Friday, July 30, 2010
(Last modified: 2010-07-30 21:28:09)
 
Author: Gilbert Soesbee
Source: The Newport Plain Talk

The Tennessee Administrative Office of the Courts (AOC) and Tennessee Supreme Court Justice Janice M. Holder have approved a list of judges who will hear cases during Cocke County General Sessions Judge John Bell's three-month suspension.

Judge Bell was convicted in June before the Tennessee Court of the Judiciary of several state judicial ethics violations and suspended with pay for 90 days. He was also ordered to enroll in judicial ethics training.

The AOC confirmed on Friday that no stay of the court's order has been issued by the state supreme court or the court of the judiciary and Judge Bell's suspension is scheduled to begin in August and last through October.

There are numerous familiar names on the list of judges named to sit in general sessions and juvenile court during Judge Bell's three-month suspension. Retired and sitting judges from across East Tennessee have been appointed to hear the local cases.

The list of substitute judges includes former Chancellor Jim McSween, of Newport; former Circuit Judge Ben Strand; Senior Judge Jon Kerry Blackwood, of Knoxville; Hamblen County General Sessions Judge Janice Snider; and other retired and sitting judges.

The designation orders and a specific court calendar have been approved and signed by Chief Justice Holder. The calendar is scheduled to go into effect on Monday, August 2, and last until the end of October.

Judge Bell was found guilty on June 3 of three counts of violations of the Tennessee Code of Judicial Ethics relating to his handling of a civil lawsuit which was filed in sessions court in 2007. The court ordered that Judge Bell undergo judicial ethics training during the next three years and that he be suspended for three months from the sessions court bench.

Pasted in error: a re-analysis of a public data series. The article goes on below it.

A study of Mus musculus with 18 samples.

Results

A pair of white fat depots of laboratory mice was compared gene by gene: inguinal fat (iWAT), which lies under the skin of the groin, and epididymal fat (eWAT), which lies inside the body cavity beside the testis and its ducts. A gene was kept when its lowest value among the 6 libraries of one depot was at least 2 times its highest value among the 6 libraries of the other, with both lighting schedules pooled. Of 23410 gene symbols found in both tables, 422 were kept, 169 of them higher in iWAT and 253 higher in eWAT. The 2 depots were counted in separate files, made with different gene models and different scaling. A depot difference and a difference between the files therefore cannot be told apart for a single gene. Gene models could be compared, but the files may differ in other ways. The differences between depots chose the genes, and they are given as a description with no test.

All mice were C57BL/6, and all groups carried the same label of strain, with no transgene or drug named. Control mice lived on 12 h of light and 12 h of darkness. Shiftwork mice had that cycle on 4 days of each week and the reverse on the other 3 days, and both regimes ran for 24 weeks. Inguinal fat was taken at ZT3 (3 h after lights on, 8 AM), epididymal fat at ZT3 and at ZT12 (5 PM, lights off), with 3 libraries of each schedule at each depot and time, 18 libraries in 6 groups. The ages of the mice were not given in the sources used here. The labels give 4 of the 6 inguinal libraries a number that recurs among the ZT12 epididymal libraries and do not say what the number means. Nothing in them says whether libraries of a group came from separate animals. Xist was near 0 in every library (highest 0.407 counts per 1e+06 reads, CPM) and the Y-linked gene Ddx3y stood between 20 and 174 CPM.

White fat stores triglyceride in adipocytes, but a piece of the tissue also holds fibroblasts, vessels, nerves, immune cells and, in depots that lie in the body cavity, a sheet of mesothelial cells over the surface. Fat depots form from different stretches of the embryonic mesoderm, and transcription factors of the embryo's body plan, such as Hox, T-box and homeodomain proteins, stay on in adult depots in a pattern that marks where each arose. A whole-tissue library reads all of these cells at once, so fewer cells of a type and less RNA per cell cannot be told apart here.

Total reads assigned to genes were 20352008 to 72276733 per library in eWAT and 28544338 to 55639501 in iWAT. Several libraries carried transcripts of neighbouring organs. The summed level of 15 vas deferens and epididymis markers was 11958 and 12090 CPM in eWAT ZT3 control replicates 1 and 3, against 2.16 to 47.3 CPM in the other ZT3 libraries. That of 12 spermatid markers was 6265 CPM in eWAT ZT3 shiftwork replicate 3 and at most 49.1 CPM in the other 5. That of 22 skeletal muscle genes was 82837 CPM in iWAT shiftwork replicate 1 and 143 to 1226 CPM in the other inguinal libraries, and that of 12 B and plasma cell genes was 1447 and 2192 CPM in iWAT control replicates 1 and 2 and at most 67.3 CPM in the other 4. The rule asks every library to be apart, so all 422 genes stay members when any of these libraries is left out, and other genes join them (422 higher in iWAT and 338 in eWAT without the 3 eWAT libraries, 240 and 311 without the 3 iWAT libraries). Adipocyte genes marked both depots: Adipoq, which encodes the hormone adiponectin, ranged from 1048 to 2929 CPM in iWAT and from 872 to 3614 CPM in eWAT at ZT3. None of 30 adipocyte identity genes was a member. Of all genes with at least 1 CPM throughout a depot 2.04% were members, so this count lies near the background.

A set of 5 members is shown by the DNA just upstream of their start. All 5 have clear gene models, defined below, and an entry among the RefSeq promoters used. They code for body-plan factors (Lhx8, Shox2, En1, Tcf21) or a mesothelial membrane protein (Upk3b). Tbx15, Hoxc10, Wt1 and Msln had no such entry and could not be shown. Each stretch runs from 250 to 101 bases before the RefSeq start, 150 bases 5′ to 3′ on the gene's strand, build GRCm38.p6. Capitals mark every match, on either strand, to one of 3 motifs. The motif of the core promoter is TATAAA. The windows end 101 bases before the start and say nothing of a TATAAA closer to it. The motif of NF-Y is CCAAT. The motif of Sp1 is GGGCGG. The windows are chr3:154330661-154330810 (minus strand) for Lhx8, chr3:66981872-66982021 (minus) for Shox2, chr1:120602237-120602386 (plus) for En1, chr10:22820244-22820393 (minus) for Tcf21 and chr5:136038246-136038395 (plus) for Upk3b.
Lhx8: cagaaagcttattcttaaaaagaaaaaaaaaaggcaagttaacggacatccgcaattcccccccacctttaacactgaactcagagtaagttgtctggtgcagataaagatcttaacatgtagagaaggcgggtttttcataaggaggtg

After a two-day trial before an eight-member panel of the court of the judiciary on June 2 and 3, the court ordered that Judge Bell be suspended for 90 days from his duties as sessions judge, placed strict deadlines on his filing of future rulings, and ordered that he attend classes in judicial ethics for 42 hours during the next three years.

Judge Bell was on the witness stand for nearly five hours during the two days of the trial. He faced a three-count complaint alleging judicial ethics violations, the essence of which was filed last October by a three-judge investigative panel of the court, Tennessee's agency which oversees the behavior of judges in the state.

The ethics violations found against Judge Bell stem from his handling of a 2007 civil complaint concerning a December 2006 automobile accident in Cocke County. Judge Bell was found to have failed to decide the case in a timely fashion, taking about nine months to hand down a decision; to have initiated what are called ex parte conversations, or out-of-court communications, with the plaintiff in the civil case by recruiting Newport attorney Tom Testerman to talk with the plaintiff; and of refusing to step down from hearing evidence in a second civil lawsuit filed over the same incident in early 2009.